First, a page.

When things go wrong, conducting a detailed failure analysis is the best way to remove bugs from a manufacturing system

When things go wrong, conducting a detailed failure analysis is the best way to eradicate bugs from your manufacturing system.


A gear designer must consider the most economical solution that will avoid failure within the design life. The usual result will be a gear of minimum weight and size for the anticipated loads and will have included an allowance for the service factor. In order to avoid any problems in the gear’s operation, the affect of unforeseen loads, the designer must anticipate the probable failure mode. The gear user will most probably interpret a gear failure as when the gear is no longer functional. Gear experts, on the other hand, must consider each stage of the failure mode in order to identify the cause, prevent a repeat, and/or ameliorate any further deterioration.

Failure can be subjective, predetermined, ongoing, or catastrophic. Gears that should be replaced may continue to run because production cannot be halted until a convenient time. When the pending failure is first observed it can be considered as one of the following situations: Reactive (only fixed when the gears can no longer run); Preventive (when periodically maintained with methods that mitigate the damage); Predictive (when there is a forewarning of impending failure); and Proactive (when the root cause of the failure is known and rectified).

Failures are also individually categorized as being in an initial, progressive, or destructive mode. Wear, for example, is only considered to be a destructive failure when it affects the operational ability of the gears. AGMA and ISO have classified more than 20 failure modes into five basic groups: wear; surface fatigue; plastic flow; breakage; and associated failures, such as cracks. The analysis of the failure will determine if it was from within the gear or from a sequence of events extraneous to the gear. Failure seldom results from a single factor. When the failure arises within the gear it can be from one of the following:

• Surface imperfections prior to cyclic stressing: The surface finish must be acceptable for the service it will endure or it becomes a major source for failure.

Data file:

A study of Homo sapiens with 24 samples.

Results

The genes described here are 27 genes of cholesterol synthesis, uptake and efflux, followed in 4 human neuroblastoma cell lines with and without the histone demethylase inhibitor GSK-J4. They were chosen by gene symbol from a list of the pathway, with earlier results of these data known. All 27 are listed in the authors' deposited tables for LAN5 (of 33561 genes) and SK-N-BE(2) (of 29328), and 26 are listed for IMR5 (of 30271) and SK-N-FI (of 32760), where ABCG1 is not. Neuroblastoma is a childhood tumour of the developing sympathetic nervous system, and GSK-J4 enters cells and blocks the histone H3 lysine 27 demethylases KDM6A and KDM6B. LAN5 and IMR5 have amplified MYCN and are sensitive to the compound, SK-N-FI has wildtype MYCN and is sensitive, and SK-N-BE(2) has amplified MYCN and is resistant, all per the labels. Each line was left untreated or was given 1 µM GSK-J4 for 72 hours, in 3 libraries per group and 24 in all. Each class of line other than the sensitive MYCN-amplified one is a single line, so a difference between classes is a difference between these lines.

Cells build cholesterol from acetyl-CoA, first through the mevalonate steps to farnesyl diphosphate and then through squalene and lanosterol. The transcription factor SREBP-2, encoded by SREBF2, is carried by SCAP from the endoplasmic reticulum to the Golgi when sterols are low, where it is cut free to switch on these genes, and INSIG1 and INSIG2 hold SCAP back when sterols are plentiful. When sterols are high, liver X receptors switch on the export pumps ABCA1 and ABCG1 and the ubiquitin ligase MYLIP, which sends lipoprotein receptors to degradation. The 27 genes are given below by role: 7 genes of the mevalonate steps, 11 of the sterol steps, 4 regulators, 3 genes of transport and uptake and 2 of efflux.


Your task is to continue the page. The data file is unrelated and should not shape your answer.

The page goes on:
• Surface damage coincidental with cyclic stressing: A result of corrosion, wear, fretting, welding, etc.
• The size and class of residual stress.
• The size and manner of stress concentration.
• The stress distribution within the gear.
• The stress irregularities.
• The combination of stresses.
• The range of stresses induced by vibrations, overloads, etc.

The major sources of failures include material, manufacturing errors, heat-treatment problems, design, lubrication, maintenance, assembly, and the operating conditions that include the gear loading. Failures are rarely attributed to the design, but more frequently to any one of a large number of reasons attributed to the maintenance of the gear drive. The most prevalent cause is the presence of foreign bodies that cause abrasive wear. The second primary cause is misalignment. If the tooth flanks are not in the proper contact, they cannot be expected to carry the load. A Fortune 500 manufacturer analyzed 1,048 failures of open gear sets taken over a 25-year period, finding that defective material accounted for 9.6 percent, heat treatment for 15.2 percent, and manufacturing errors for 5.2 percent of the failures. Companies that specialize in the repair of enclosed drives find that the primary cause of failure is the poor maintenance of the lubrication or foreign objects entering the mesh. In fact, the standard joke amongst these repair shops is the bigger the inspection plate, the larger the debris, including wrenches, files, etc.

Water in the housing is another major problem that leads to gear failure. C.D. Schultz, of the Pittsburgh Gear Co., in his AGMA paper 99FTM12 analyzed their repair work with 2,188 units as 16.1 percent contaminated lubricant, insufficient lubricant 20.5 percent, bearings 9.61 percent, non-gear 9.01 percent, overload 17.4 percent, and precautionary repairs 27.2 percent. No manufacturing or material failures were recorded, as these must normally be rectified by the manufacturer.

When a comparison is made between the number of failures, and the number of fatigue cycles that each individual tooth experiences, the very high reliability of gears will be confirmed. Gear tooth failures are nonetheless not isolated phenomena. This is particularly true when developing new applications for a designated life that can be 100 hours for a lawn mower to a minimum service life of 20 years in an API drive, or 75 years on a dam gate hoist.